GSoC wrap-up – Translate extension

GSoC is almost over now. Lots of cool things have happened, but unfortunately you may not be aware of it, because I have neglected to blog about it.  That is definitely a regression compared to last year and something to keep in mind in the future. I managed to do almost all tasks from the project plan with priority higher than 4, with some rough edges there and here. Next I will pick some highlights from the completed tasks.

Improved usability

This year there were many usability related issues to improve the translation work flow. The improvements done by Wikimedia Usability project nicely complements my work for the benefit our less technically oriented audience. Most important improvement is probably the buzzword compatible ajax-editing. No more do translators need to open new browser tab for each message they want to edit, but instead they get floating dialog inside the current page (implemented using jQuery dialog). This means they never need to leave the list of messages any more, but it stays always in the background. It also makes easier to do quick edits to message documentation or other languages, because you just get a new dialog, and once you finished editing it, you are back in the previous message.

Ajax edit interface

Ajax edit interface

Other features to include user preference to choose additional languages to show when translating. The feature itself is not new, but now users can customise the list of languages.

Languages can be selected from the dropdown and using the button or typing in the language codes directly.

Languages can be selected from the dropdown and using the button or typing in the language codes directly.

To date we not really taken advantage of achievements in language technology. Now we have taken the first steps towards it by implementing a simple translation memory. It is a very simple setup, where we use tmserver from Translate Toolkit and fill it from time to time with existing translations from Tmserver uses well known Levenshtein algorithm to give suggestions. It isn’t very good, nor anything compared to state of the art systems, but the suggestions have already been useful, as told us by the translators itself. There is many ways to improve the suggestions from better algorithms to using larger set of translations as source data and preprocessing the source data (text alignment, case and punctuation normalisation). I’m looking forward to them.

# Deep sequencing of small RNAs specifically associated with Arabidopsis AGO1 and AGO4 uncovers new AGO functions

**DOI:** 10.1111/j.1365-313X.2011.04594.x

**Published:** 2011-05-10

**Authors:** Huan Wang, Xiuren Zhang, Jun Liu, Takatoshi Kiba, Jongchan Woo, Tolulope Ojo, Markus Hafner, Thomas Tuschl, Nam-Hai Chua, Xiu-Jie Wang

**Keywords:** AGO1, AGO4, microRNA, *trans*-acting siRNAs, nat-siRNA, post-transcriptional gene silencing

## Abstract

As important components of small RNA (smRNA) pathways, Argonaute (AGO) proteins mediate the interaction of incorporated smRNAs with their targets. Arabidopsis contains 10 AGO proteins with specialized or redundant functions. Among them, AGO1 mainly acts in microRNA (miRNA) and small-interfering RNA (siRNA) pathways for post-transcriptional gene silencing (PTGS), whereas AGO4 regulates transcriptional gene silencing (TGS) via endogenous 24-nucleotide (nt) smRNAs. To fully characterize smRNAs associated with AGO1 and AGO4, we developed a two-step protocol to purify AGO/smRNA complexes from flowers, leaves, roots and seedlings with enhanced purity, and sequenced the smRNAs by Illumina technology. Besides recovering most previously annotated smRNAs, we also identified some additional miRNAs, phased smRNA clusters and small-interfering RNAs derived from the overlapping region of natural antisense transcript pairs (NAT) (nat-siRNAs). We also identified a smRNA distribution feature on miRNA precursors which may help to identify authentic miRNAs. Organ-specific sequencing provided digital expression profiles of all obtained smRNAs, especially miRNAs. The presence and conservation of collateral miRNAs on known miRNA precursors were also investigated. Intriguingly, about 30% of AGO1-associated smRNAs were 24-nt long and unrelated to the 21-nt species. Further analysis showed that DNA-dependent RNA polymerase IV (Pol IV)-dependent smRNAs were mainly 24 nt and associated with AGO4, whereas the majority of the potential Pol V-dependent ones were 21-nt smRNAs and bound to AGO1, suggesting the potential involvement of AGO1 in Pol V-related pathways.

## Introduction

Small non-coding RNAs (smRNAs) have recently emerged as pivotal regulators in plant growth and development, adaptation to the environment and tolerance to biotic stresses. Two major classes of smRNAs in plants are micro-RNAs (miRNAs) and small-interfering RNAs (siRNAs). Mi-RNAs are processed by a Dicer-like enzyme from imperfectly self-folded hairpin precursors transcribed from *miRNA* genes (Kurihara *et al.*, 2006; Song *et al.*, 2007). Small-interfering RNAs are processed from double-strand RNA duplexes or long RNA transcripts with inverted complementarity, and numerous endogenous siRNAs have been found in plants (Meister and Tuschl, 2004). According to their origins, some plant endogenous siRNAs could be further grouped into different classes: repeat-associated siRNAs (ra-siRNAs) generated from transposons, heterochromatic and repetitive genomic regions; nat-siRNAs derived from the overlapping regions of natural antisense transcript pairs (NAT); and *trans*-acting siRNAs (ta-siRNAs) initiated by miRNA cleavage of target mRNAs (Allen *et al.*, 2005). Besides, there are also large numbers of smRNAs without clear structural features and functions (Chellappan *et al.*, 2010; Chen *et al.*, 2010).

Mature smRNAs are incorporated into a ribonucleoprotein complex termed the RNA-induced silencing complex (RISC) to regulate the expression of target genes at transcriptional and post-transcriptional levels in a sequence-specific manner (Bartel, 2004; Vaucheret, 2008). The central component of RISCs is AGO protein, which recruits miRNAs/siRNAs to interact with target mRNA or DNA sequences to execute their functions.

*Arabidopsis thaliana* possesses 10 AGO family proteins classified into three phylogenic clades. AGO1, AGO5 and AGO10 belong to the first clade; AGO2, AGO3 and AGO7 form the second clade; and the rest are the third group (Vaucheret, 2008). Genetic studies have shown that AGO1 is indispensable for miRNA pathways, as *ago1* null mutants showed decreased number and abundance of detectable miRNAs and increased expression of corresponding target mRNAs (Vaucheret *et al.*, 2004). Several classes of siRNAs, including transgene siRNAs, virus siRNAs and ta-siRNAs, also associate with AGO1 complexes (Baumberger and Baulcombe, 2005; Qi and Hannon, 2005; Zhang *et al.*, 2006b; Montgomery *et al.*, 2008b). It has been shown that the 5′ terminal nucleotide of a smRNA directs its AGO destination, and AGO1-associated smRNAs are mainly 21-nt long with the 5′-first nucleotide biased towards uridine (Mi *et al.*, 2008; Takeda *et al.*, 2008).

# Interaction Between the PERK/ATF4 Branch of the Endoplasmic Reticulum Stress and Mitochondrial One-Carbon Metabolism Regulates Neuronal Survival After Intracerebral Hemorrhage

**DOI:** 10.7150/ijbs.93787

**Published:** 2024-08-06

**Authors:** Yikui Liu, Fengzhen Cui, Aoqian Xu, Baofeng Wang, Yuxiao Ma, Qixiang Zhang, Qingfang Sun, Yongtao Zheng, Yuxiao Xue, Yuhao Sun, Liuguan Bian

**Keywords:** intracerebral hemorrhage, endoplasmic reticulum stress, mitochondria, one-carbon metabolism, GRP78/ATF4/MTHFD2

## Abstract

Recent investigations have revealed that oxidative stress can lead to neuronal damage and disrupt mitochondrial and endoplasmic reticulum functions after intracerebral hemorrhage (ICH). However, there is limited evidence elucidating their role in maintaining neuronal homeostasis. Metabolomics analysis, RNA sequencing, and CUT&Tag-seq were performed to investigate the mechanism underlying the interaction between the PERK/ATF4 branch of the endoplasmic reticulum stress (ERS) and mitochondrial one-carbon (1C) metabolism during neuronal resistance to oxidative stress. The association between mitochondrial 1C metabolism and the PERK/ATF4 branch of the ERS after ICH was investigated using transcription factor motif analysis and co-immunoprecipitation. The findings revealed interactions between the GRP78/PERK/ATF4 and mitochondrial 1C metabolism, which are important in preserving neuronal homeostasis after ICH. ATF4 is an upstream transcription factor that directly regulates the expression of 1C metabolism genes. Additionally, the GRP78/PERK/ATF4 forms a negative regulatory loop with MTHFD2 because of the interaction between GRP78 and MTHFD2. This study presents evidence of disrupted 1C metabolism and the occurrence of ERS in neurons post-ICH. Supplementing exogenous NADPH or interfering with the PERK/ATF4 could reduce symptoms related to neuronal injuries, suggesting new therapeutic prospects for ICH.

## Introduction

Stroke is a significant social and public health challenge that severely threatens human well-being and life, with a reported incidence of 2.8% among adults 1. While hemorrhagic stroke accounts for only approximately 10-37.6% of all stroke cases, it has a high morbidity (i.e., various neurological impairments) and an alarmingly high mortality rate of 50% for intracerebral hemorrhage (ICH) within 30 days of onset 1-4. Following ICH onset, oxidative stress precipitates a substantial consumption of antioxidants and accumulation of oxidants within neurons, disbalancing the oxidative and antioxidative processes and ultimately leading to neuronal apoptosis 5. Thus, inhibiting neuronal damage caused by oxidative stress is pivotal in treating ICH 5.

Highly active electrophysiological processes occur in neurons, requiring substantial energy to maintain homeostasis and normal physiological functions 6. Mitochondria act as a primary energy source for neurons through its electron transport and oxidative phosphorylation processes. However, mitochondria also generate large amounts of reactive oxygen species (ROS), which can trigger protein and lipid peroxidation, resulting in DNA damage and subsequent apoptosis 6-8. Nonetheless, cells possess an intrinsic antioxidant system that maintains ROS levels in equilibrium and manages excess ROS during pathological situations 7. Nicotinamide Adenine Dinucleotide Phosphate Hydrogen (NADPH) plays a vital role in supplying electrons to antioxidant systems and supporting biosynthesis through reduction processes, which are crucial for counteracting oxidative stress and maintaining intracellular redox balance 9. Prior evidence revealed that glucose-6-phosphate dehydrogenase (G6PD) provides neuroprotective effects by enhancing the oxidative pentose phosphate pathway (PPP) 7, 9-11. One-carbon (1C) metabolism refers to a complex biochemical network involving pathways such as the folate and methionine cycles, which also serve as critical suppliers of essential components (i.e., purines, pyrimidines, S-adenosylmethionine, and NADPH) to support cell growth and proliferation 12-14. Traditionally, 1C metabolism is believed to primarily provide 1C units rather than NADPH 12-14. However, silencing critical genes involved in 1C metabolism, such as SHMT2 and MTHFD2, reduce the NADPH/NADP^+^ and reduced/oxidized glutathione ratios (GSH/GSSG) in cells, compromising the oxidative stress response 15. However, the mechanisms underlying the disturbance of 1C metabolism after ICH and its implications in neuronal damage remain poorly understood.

Other changes

There were many improvements to the lesser used features. Special features (magic names, special page alias, namespaces) can now be exported using a script. No more time wasted in copy-pasting. In addition it is now possible to localise magic words for extensions. It is up to translation teams to decide, whether they want to do this understandably controversial thing.

In message checks there were at times false positives which caused confusion among translators. Now there is flexible system to suppress those warnings.

Gettext-style plurals are now supported better, but no one of our Gettext projects is currently using those yet. Related, there is now a special page to import offline translations. We can now give trusted translators or users the permission to import offline translations, delegating them away from server admins. It supports download-from-url, files uploaded to the wiki and local file uploads.

The offline importer actually uses the same engine that I developed for another feature: web based message group management. It is now possible for project admins to import external changes, fuzzy other changes if necessary using their browser. It is much easier than doing those steps manually on the command line, but there is still some practical problems to solve. One major piece still missing is integration with version control systems, so command line access is still needed to do svn up or similar for other systems. It is somewhat related to the other problem, which is limited execution time for web requests. It is currently wise enough to check after every action if we are near the limit, and stop further processing and give the user ability to continue from that point. We can’t increase the execution time limitlessly, but there might be hope for example by doing multiple requests with ajax to spare the user from clicking continue button many times.

The future

There is always something to be done or something that can be improved. I will target on improving the new web interface and group management, which is still quite immature. Ajax-editing works, but is still missing the cool-factor without proper polishing. And like that isn’t enough, Siebrand has collected wish list for me. I will try my best to fulfil each request with my time which is limited especially now that study year starts again.

It will be interesting to see where we are next year. We are not alone any more and while other platforms are developing I want to keep special – to give a face to internationalisation and localisation instead of being just a dumping ground for translations.